Guru goes to ground after security scare

By Tony Keim

Appeared in the Courier-Mail dated September 7, 2002.
(c) 2002 Queensland Newspapers Pty Ltd

After John Macgregor's article published in the Good Weekend magazine and Neville Ackland's protest at the gates of Amaroo, several articles appeared in the Queensland's local press.

See also: Courier-Mail's article dated September 3, 2002.

Guru goes to ground after security scare

'It's all about surrender ... Unfortunately that includes surrendering your money' SECURITY concerns forced the Indian spiritual leader "Mahariji" Prem Pal Rawat to bunker down in the compound during this week's convention for more than 4000 devotees 60km west of Brisbane.

Conference organisers revealed the security threat when pressed on whether the no-frills "guru" was staying at a multimillion-$1.7ha riverfront mansion owned by an associated company in the western Brisbane suburb of Fig Tree Pocket.

Media consultant John Arlidge, spokesman for the guru's Elan Vital organisation, said the Mahariji had remained "on-site" at the Ivory's Rock convention centre during the four-day conference - and did not fly in and out by helicopter daily as he had in previous years.

Mr Arlidge said fears for the Mahariji's safety were "real" in the wake of allegations of fraud and other criminal activity and a protest outside the convention compound by former followers John Macgregor and Neville Ackland.

Ackland on Wednesday staged a failed bid to use his rented truck to batter his way into a convention to denounce the spiritual leader.

Ackland, a self-proclaimed "ex-premie" (follower) of the Mahariji, was stopped by police from driving into the Ivory's Rock convention centre to confront the "false guru".

John Macgregor, who claims to have been a confidant of Mr Rawat for more than 20 years, last weekend alleged the Mahariji had a secret tax haven in the Channel Islands (Jersey, UK), owned luxury homes from Brisbane's Fig Tree Pocket to South Africa, and flew money out of Australia into Swiss bank accounts.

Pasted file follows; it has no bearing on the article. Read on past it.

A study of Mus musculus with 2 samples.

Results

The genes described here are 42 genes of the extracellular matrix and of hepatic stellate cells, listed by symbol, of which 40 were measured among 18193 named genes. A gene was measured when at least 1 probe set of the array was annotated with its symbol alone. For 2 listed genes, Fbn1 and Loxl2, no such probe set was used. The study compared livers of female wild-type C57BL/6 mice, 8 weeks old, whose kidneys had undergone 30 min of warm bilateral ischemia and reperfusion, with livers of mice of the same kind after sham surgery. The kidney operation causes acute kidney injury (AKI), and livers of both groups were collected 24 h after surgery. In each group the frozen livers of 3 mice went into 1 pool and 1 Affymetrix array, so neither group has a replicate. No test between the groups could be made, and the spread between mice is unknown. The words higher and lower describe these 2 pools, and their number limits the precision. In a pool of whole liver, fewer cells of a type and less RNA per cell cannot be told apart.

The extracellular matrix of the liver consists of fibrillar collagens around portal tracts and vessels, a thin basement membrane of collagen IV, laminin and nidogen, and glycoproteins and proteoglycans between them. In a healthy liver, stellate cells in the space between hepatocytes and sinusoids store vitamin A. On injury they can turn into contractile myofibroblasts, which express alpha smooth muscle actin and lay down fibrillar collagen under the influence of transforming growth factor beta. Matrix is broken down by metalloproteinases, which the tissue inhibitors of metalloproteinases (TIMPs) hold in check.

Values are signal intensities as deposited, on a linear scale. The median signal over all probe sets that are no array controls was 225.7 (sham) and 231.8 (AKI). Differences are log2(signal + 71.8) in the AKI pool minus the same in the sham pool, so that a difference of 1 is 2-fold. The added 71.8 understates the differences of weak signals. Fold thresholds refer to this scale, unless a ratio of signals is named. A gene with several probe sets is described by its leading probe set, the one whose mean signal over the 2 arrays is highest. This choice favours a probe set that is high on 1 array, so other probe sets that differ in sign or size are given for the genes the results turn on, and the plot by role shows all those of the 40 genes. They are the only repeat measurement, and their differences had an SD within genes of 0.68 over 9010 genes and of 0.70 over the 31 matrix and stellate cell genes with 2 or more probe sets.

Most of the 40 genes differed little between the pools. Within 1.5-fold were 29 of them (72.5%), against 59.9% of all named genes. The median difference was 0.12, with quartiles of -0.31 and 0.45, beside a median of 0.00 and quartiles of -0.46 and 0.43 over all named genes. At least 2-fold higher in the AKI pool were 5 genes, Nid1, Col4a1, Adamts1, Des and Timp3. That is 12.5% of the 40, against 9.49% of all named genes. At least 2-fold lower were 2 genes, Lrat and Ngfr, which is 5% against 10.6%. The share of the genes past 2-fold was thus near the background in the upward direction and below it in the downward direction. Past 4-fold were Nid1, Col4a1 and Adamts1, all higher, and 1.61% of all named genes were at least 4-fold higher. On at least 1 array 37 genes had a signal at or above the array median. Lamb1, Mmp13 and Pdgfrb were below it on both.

Elan Vital, in a written statement, rejected allegations made by both men claiming they were nothing more than "disgruntled former employees".

The statement also rejected claims the Mahariji was in any way involved in criminal activity or benefited from a secret tax haven in the Channel Islands or owned luxury homes in Brisbane.

Convention organiser Cath Carroll this week said any inquiries about the centre should be referred to the site's owners Myrine Investments. However, company and property searches conducted by The Courier-Mail reveal Myrine Investments, a Channel Island company, owns not only the 529ha Ivory Rocks convention site, a neighbouring 176ha cattle breeding property and 2.2ha homesite, but also a prized multi-million $1.7ha river-front home site at 236 Jesmond Rd, Fig Tree Pocket.

Elan Vital, in a written statement released yesterday, conceded the Fig Tree Pocket property was originally purchased in 1986 by devotees of the Mahariji for his personal use.

"The Fig Tree (sic) property was originally acquired by a person unconnected with Myrine as a place for Mr Rawat to stay on visits to Australia," the statement says.

"It was subsequently transferred to Myrine to be held for Mr Rawat's use when he visits.

Elan Vital also rejected the claim the Mahariji received any payment for the convention.

Mr Ackland yesterday maintained his protest vigil outside the centre and remained defiant the Mahariji was a "fraud".

"I am one of hundreds of ex-premies of the Mahariji who came to realise he is nothing more than a fraud and fat cat who is living in the lap of luxury at the expense of his followers," Mr Ackland said.

"`It's all about surrender," he said of the Mahariji's teachings. "Unfortunately that includes surrendering your money."

The Mahariji, who has refused to give media interviews for 18 years, was yesterday unavailable for comment.


Also the following appeared in amongst the "Briefs" in Courier Mail:


September 6 * I WAS saddened by some of the coverage of the conference featuring guest speaker Maharaji. Thirty years ago, I received the techniques of self-knowledge which Maharaji kindly and freely offered. The practice of these simple techniques has sustained a rich and fulfilling life. In all my dealings with Maharaji, I have found him impeccable. As a teacher, he is inventive and perceptive with a no-nonsense approach. I have nothing but gratitude for his continuing inspiration in my life.-Gwyn Hanssen Pigott, Booval.